Flash Fiction: The Pond

Inspired by a recent dry spell and the image of a little boy with a lot of questions. I think there’s more here, but for now, there’s this.

—–

I’ve been meaning to tell you. The old pond dried up. I took Billy out that way to do some fishing, since I remembered how you and I used to go over there when we were kids and come home with all those sunnies for Mom to fry. Yeah, I know she hated it, complained about the smell and the mess, but she loved it, too, in a way. So I was standing at, well, what I guess was the place we used to set up shop, the open end of the cattail horseshoe, by that nice big flat rock, and Billy looked up at me like I was crazy. His crazy auntie had taken him fishing where there wasn’t any pond! I’m standing there holding the bucket and the rods, and he’s asking all these questions: “Where did the water go?” “Where did the fish go?” “Where did the turtles and the frogs and the ducks go?” “Did they all die?”

I have never taken as big a breath as I did then. In and out and wondering what to say. That was definitely a sit-down sort of conversation, so I sat. And he sat next to me, on the lip of what used to be our cute little fishing hole.

“Let’s just take these one at a time,” I told him, and he was so quiet, his eyes so round and blue, his cheeks splotchy-red with upset, his mouth kind of crooked, like yours used to get when you were worrying over something.

So I said, “You know how it hasn’t rained in, like, a really long time?”

I knew he’d get that one. We’d just been talking about it that morning. How we couldn’t run through the sprinkler the way he liked, because of the restrictions.

He nodded.

“Well, just the way the leaves are drying up and falling off the trees way too early”—I pointed out a few trees that had started turning brown already. Can you believe it, autumn in July?—“if there’s not enough water, the ponds and such dry up, too.”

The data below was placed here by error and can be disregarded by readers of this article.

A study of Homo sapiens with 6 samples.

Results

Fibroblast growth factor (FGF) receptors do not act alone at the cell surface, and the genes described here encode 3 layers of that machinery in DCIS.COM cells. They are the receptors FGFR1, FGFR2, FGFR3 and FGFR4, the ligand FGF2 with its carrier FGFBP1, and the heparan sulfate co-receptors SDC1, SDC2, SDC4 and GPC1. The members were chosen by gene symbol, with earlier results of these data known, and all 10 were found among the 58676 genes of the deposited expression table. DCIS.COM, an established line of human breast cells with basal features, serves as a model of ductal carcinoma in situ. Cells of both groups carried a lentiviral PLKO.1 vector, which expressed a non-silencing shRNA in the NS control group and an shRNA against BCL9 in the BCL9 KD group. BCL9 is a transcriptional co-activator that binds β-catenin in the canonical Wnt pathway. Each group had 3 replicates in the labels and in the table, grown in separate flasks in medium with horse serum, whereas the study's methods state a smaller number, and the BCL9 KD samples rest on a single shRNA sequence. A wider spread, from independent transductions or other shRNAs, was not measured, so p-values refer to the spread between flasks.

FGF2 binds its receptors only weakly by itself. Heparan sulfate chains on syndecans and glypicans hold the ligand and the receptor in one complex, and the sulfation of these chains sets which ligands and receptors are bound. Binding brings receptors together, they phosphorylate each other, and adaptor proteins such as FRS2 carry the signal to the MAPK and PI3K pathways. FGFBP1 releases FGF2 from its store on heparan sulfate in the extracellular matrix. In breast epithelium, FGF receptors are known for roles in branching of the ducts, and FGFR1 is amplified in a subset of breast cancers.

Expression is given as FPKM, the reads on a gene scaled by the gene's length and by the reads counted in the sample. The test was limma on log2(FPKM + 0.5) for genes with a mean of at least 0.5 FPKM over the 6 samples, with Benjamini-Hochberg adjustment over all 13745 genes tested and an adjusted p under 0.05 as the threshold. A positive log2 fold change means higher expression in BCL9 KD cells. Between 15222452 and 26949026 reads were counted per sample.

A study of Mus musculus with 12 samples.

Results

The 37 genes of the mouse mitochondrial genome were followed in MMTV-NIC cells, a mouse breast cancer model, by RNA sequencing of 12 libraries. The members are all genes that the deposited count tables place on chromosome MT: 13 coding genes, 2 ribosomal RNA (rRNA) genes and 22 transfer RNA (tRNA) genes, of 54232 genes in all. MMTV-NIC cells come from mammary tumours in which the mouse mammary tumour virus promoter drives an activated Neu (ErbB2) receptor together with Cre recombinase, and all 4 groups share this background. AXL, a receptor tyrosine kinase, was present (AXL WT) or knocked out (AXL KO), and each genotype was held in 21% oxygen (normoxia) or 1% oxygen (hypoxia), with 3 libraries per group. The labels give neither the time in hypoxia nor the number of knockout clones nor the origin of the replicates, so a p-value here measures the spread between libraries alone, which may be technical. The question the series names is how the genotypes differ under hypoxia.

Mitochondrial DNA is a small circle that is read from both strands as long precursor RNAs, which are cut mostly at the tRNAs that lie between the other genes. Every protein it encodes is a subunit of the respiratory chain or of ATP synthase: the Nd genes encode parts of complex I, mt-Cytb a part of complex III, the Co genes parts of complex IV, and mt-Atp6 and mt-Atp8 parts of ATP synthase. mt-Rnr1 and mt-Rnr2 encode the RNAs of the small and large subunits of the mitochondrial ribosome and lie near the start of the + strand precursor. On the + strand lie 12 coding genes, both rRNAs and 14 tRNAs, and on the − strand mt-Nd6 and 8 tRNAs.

“But the ducks…?”

“Yeah, they’d be the first to fly off. I’m fairly certain they found themselves a bigger pond. They’re smart that way.” Were there ducks on our pond? The darning needles skimming across the water, I recalled. You don’t forget a bug called a darning needle. The minnow armies slithering underneath, I remembered, the gulp of the bullfrogs. There could have been a duck. I added a duck for him. It would have made a pretty picture. I have tried to paint that scene so many times, you and me fishing at the pond, but something stops me every time.

His voice hopeful, he asked about the frogs.

“Hopped away,” I said. “They can survive a bit out of water, so maybe they followed the ducks.”

“Not the fish,” he said.

“No, honey. Not the fish.”

His cheeks were all red now, and I worried he was going to have another one of his spells. I’m getting better with those. You just gotta keep your voice soft and hold him tight until he feels safe. He calmed down soon enough, and instead of fishing we went to get ice cream.

Don’t need much water for that.

It took a couple hours to get him to go to sleep that night. But I kept thinking about the ducks. You know, I’m gonna give that painting another try. One day I hope you get to see it.